CONCLUSIONS

Although animal studies in different species have demonstrated immunologic responses or pathologic changes similar to human CBD, animal models developed to date have varied between species, and none has adequately replicated the key features of human CBD, especially the persistence of granulomatous changes in the lung. The reason for the differences remains unclear, but the specific genes responsible for CBD in humans might not be present in animals. Thus, animal studies cannot reliably predict exposure-response relationships, immunogenicity of different forms of beryllium, or mechanisms relevant to human CBD.

Generally, more soluble forms of beryllium, such as beryllium salts as opposed to beryllium metal, have shorter half-lives in the lung and a greater potential for systemic absorption and sensitization; relatively insoluble forms of inhaled beryllium (beryllium metal and beryllium oxide) deposited in the lungs will be retained with much longer half-lives and may lead to sensitivity reactions or toxicity even after a single exposure. No animal model has characteristics of human CBD that are sufficient for it to be used to establish the relative importance of the various chemical forms (including alloys) or physical characteristics of inhaled beryllium encountered in the workplace.

The mechanism underlying CBD pathogenesis involves an antigenic immune response to beryllium associated with beryllium-specific CD4+ T cells. Progress has made in characterizing the immune response to beryllium and host risk factors. More research is needed on the nature of the beryllium antigen recognized by the CD4+ T cells.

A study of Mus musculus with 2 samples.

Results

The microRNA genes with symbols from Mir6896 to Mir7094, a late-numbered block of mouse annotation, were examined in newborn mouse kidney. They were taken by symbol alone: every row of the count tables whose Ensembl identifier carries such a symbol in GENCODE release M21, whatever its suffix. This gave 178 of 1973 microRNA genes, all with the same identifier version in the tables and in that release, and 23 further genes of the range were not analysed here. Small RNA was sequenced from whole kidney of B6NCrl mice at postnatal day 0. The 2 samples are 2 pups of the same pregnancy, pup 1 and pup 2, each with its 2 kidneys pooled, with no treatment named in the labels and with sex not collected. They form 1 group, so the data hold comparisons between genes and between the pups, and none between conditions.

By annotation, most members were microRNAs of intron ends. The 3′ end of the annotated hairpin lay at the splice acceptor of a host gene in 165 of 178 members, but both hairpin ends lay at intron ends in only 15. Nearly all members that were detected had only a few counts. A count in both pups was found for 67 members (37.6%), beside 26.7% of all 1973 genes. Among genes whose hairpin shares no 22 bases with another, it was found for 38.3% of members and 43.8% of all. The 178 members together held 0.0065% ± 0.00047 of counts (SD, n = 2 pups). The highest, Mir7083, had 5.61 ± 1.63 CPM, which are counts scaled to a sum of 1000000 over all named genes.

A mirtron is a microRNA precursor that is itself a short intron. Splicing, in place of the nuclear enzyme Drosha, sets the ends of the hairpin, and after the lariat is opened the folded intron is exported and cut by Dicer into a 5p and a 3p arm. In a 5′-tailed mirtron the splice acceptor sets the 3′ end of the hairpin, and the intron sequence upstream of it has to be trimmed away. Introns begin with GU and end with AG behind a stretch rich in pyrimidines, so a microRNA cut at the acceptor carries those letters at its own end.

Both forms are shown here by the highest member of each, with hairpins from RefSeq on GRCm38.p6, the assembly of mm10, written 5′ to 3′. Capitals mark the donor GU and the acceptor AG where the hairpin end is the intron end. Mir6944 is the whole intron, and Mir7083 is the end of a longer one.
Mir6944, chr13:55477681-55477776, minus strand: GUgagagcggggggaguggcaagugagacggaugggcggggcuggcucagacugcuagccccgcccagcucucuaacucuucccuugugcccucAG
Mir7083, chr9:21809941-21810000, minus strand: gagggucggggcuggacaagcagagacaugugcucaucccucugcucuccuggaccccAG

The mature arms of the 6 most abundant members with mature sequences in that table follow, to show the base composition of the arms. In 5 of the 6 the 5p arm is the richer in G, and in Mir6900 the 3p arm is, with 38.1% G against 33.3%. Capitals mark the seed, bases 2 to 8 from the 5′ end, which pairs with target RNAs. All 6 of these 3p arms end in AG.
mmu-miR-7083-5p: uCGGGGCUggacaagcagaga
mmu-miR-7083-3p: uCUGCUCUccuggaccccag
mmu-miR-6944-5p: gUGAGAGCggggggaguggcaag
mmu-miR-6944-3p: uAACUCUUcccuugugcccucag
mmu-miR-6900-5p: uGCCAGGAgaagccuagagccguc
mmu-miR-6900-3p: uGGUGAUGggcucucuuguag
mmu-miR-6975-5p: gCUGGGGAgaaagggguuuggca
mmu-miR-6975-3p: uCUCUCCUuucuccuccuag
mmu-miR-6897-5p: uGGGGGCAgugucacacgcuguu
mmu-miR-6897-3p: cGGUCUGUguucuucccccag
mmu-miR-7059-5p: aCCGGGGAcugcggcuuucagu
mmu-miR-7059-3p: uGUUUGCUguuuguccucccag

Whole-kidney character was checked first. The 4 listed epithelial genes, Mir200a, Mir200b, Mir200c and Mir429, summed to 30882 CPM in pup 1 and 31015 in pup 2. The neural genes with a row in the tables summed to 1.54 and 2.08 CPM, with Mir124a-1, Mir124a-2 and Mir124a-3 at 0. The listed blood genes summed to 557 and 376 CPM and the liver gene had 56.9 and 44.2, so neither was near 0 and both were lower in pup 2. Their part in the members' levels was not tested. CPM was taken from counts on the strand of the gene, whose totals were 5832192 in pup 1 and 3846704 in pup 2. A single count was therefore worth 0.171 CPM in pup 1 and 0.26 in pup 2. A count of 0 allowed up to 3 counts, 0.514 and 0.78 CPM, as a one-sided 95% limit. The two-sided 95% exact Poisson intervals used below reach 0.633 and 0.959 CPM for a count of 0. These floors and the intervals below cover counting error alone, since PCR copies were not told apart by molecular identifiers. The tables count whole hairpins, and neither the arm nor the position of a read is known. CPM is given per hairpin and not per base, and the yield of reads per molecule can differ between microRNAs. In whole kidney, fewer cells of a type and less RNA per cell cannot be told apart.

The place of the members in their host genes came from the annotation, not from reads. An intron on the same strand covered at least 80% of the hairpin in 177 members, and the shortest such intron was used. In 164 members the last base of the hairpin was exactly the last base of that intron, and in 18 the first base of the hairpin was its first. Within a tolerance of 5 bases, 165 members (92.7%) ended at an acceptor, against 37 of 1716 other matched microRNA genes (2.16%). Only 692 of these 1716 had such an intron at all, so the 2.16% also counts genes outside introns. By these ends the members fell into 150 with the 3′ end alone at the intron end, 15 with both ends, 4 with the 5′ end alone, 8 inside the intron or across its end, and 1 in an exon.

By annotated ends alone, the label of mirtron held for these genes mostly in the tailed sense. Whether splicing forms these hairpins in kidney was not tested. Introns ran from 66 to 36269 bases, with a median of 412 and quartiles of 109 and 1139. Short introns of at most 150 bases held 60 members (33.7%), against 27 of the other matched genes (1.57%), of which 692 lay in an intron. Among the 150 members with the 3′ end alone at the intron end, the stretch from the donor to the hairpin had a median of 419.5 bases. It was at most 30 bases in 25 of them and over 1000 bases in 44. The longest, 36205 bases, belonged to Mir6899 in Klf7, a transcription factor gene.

Research has also indicated that an allele of HLA-DPβGlu69 is the most important marker of susceptibility to CBD. However, the presence of that marker alone does not necessarily confer susceptibility, nor is its absence a guarantee of nonsusceptibility. T-cell-receptor expression, inflammation-related genes, and other potential modifier genes also appear to play roles in disease progression and warrant further investigation.

Efforts are under way to create humanized-mouse models in which human alleles are associated with a range of BeS and CBD risk that might be useful in experimental study of beryllium dose-response relationships, of beryllium types and characteristics that confer risk, and of therapeutic approaches to beryllium diseases. It is unclear whether expression of single target genes associated with sensitization will recapitulate the signs and symptoms of human CBD. There is no doubt that an animal model of immune-mediated CBD as it occurs in humans would aid substantially in developing an understanding of the mechanisms of CBD and the relative importance of the various forms of beryllium encountered in the workplace in the causation of CBD.